Great story; a concern and a thought

The Bancrofts' lawyer is clearly conflicted; spell out where the CEO stands

Business-press readers and family therapy buffs alike will get a kick out The Wall Street Journal’s Saturday story on discussions among the Bancrofts, controlling shareholders of the newspaper’s publisher, Dow Jones & Co., about whether to sell to Rupert Murdoch’s News Corp.

Particularly rich—if a little disheartening for those hoping the Bancrofts and the board were a smoothly operating governance machine—is a scene at the end of the piece in which family members on DJ’s board of directors show non-family directors a planned statement in which the family says it will talk to Murdoch. Family member directors drop off a conference call while non-family directors confer, and decide, to explore options, which is business code for “sell.”

“McPherson” is Peter McPherson, DJ’s (non-family) board chairman; “Steele” is Elizabeth Steele, a family member/director; “Beattie” is Richard I. Beattie, a lawyer to DJ’s board; “Bancroft” is Christopher Bancroft, a family member/DJ director who lives in Texas; “Elefante” is Michael Elefante, a lawyer, whom we’ll get to later.

When the family members rejoined the call, Mr. McPherson informed them that the board had decided to release its own statement saying the board would explore strategic options, attendees said.

“Wait a minute,” Mr. Bancroft said, according to attendees. “My family didn’t understand that this meant we were for sale.” Mr. Beattie, the board’s lawyer, responded by saying that key parts of the family’s statement, which he read aloud, strongly suggested that notion.

Mr. Bancroft then asked Mrs. Steele if she understood the implication of the family’s statement, attendees said. She said she did. Ms. Hill also said she understood the implications, according to the attendees.

A participant asked Mr. Elefante if he could say where the family stood on the Murdoch offer, attendees said. Mr. Elefante responded only that there was
“consensus” among family members in support of their statement, attendees said.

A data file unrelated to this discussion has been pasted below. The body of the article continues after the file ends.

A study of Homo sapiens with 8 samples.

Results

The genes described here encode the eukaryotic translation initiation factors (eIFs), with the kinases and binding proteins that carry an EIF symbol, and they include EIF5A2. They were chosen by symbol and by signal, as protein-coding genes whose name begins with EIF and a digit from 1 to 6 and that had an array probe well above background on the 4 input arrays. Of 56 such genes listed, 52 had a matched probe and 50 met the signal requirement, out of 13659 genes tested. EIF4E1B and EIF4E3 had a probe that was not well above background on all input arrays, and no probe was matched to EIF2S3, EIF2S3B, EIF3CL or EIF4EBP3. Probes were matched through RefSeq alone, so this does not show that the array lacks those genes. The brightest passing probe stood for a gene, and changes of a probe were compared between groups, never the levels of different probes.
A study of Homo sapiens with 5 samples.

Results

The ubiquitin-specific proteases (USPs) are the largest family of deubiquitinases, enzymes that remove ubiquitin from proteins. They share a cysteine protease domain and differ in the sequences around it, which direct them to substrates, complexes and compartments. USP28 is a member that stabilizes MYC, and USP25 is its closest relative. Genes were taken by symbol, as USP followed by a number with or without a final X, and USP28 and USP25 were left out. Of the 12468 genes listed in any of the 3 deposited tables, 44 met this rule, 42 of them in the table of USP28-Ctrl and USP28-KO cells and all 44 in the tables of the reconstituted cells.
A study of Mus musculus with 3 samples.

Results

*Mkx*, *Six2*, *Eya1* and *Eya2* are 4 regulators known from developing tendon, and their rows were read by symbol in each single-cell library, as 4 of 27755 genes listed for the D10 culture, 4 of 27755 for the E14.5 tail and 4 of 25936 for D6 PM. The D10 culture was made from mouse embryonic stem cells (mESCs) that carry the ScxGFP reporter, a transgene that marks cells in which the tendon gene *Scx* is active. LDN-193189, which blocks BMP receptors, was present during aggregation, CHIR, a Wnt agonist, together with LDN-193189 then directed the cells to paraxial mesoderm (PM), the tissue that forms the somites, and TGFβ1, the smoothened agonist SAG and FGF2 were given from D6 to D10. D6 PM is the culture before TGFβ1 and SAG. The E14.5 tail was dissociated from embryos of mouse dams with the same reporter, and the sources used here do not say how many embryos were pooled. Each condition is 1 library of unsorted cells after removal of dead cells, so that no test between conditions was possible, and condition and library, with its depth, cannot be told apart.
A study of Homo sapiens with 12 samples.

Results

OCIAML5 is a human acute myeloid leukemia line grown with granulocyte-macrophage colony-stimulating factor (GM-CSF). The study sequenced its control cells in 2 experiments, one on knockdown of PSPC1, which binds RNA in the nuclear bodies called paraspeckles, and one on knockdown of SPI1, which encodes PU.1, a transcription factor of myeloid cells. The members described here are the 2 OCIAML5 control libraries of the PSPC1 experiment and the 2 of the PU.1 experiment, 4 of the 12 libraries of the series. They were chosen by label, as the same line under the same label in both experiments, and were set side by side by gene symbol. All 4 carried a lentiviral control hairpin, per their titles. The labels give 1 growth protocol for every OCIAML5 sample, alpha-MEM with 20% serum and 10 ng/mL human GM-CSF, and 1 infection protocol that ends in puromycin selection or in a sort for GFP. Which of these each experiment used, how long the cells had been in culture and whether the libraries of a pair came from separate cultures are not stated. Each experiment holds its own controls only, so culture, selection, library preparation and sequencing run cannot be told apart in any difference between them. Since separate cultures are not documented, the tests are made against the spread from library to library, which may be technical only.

“Is it too late for us to withdraw our statement?” Mr. Bancroft asked. Mr. Beattie responded by saying he was logged onto the Internet and The Wall Street Journal had just posted the statement on its Web site. Minutes later, the statement was formally released.

The Audit says: Oy.

One fault with the story, and it’s more than a quibble, given whom the WSJ is writing about, is a discussion of Elefante, a DJ director and a lawyer representing both Bancroft trusts and individual Bancroft family members:

Others say Mr. Elefante is conflicted in his multiple roles. As a Dow Jones director he is obligated to look after the interests of all shareholders; as a trustee he must protect the interests of the full Bancroft family; and as a personal lawyer he represents his clients’ interests. A person close to Mr. Elefante says the interests of his various constituencies related to Dow Jones are almost always in alignment and he takes pains to avoid any conflicts.

Audit Readers, Elefante can take all the pains he wants, he can’t avoid conflicts—he has them—all he can do is try to manage them.

A director represents the best interests of all shareholders, of Dow Jones as a company; a lawyer represents his clients, the Bancrofts. Anyone who thinks those interests are always in harmony is kidding himself.

Second, it seems to me the story should spell out where CEO Rich Zannino stands in all this. This is important because Zannino appears to be a key figure in breaking the bad news to the family that, absent a sale, DJ shares aren’t getting to the $60 level Murdoch offered, not without one of those pumps you see advertised in Maxim.

Mr. Zannino wanted Bancroft family members to understand that when they turned down $60 a share, “they were turning it down for a long time,” said a person who saw the presentation.

Well, Mr. Audit wants readers to understand that Murdoch has said he would keep Zannino if he bought the company.

But even if he doesn’t, don’t worry about Rich.

As someone smartly reminded me, DJ’s proxy statement, which lists such things, contains no mention of “change of control” provisions, because a sale was not on the board’s “to do” list. But Zannino’s severance under other circumstances would come to $3.2 million in cash; $5.2 million in long-term incentives; $713,000 in benefits continuation; $895,000 in a pro-rated portion of his annual bonus for year of termination, whatever that means; and—I would laugh but it hurts too much—$180,000 for “financial counseling/outplacement.”

Would his exit package be lower if he left in a buyout? I doubt it.

Should the Journal story have mentioned that in the story? You can’t mention everything. But I’d like to know that.

Has America ever needed a media watchdog more than now? Help us by joining CJR today.

Dean Starkman Dean Starkman runs The Audit, CJR's business section, and is the author of The Watchdog That Didn't Bark: The Financial Crisis and the Disappearance of Investigative Journalism (Columbia University Press, January 2014). Follow Dean on Twitter: @deanstarkman.